Opinion from a Libertarian ViewPoint

Why the Media is Desperate to Reclaim its “Gatekeeper” Status for News | The Daily Bell

Posted by M. C. on July 16, 2018

The further away the news gets from you, the harder it is to mix the news with other intelligence. At that point, it is easier to manipulate the truth

By Joe Jarvis

No one knows what to believe anymore in the age of the internet. Don’t you miss the good old days when you could believe that Iraq had weapons of mass destruction when the media reported it?

Everything is fake news, except perhaps the scores of last week’s high school basketball game. And maybe the local stuff is what we should be focusing on because that at least we can confirm to some extent…

Yet even in the age of information, local papers are disappearing. As a direct result, the efficiency of local governments is suffering. A study found that a lack of local newspapers correlates with worse local government.

But has an influx of national news made national government more efficient?

No. It has only thrown more power behind collectivist trends. It has added ranks to the mobs of special interests that continue to expand federal expenditures and debt. National news is basically used as advertising to get the masses to line up behind a particular cause. It is activist journalism, directing the mob rule.

Local news differs because it is mixed with first-hand experience, as well as second-hand reports from witnesses–neighbors and friends. Gossip is one way of regulating this local flow of information. It provides details about who can be believed, and who might embellish.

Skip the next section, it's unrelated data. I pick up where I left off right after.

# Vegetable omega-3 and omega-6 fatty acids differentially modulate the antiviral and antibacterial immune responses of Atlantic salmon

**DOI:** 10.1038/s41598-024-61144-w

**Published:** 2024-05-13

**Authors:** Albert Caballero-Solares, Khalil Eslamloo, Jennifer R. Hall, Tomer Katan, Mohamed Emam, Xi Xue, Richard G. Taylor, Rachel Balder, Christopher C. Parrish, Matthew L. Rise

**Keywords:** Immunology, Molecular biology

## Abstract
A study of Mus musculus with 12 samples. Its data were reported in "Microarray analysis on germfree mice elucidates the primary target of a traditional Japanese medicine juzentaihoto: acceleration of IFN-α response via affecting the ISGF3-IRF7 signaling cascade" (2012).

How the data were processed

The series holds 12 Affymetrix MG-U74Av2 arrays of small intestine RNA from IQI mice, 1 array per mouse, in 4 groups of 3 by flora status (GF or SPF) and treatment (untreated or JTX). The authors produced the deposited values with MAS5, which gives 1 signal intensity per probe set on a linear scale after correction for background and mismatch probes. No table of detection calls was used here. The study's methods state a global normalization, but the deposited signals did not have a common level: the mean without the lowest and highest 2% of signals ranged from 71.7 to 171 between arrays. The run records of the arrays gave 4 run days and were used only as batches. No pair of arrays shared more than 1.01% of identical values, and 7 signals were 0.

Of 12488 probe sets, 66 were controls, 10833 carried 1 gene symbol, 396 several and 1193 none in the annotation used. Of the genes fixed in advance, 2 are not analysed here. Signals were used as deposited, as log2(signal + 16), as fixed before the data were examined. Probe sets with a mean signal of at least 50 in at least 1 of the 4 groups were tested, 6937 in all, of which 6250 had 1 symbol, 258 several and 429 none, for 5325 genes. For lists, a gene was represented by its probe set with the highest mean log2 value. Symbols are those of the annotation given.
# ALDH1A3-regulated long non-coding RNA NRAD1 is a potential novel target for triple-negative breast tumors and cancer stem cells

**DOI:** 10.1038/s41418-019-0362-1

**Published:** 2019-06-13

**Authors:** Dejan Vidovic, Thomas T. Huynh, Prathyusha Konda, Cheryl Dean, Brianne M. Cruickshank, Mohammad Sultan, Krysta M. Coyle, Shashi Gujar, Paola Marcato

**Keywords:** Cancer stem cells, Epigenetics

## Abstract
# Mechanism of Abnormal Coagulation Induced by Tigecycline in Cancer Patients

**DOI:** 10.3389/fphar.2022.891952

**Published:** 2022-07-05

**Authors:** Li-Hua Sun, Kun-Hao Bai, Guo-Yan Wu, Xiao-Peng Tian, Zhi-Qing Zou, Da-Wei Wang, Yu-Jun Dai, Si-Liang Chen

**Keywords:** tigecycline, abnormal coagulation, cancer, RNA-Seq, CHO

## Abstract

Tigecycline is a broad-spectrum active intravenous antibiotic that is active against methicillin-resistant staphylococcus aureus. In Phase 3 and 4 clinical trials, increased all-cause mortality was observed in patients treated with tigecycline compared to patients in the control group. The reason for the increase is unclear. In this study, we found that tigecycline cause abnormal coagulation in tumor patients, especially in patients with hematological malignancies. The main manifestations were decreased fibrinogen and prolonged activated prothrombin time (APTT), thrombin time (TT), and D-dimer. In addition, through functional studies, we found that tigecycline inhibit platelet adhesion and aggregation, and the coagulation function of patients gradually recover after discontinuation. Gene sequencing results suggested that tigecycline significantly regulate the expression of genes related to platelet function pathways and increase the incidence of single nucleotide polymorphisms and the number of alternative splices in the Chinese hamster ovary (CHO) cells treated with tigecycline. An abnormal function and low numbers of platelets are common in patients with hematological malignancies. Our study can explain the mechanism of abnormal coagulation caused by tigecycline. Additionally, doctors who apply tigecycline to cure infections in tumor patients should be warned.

Locally, there is an organic structure of information flow. This alone doesn’t make it accurate, but it gets closer by triangulating from where you get your information.

And the further you get from the ability to triangulate from different sources, the faker news gets. I don’t mean different sources, as in, different news outlets. I mean first-hand knowledge mixed with historical context, access to first-hand accounts, information about the reliability of witnesses and experts, and so on.

The further away the news gets from you, the harder it is to mix the news with other intelligence. At that point, it is easier to manipulate the truth…

As someone who believes in a grassroots approach to solving problems, starting with individuals, I am naturally averse to the idea of controllers from on high making decisions for me.

And that is why I think it is beneficial to have more distrust in news the further it gets from you, and rather use what you can confirm to live personally as you see fit.

Probably the best example of this is people signing up for the military directly after 9/11 to go kick some al-Qaida ass. They trusted the national news to deliver accurate facts about what happened, and how to stop it from happening again. And they threw themselves into the fight without having an accurate picture of why, or how the war they were signing up for would help.

In the end, they may have ended up supporting a worse regime than the one they were fighting.

Never knowing what you can believe is not ideal. But it beats a false sense of security that the news you get is real. It isn’t. And if people are finally waking up to that, perhaps they will stop lining up to fight other people’s wars.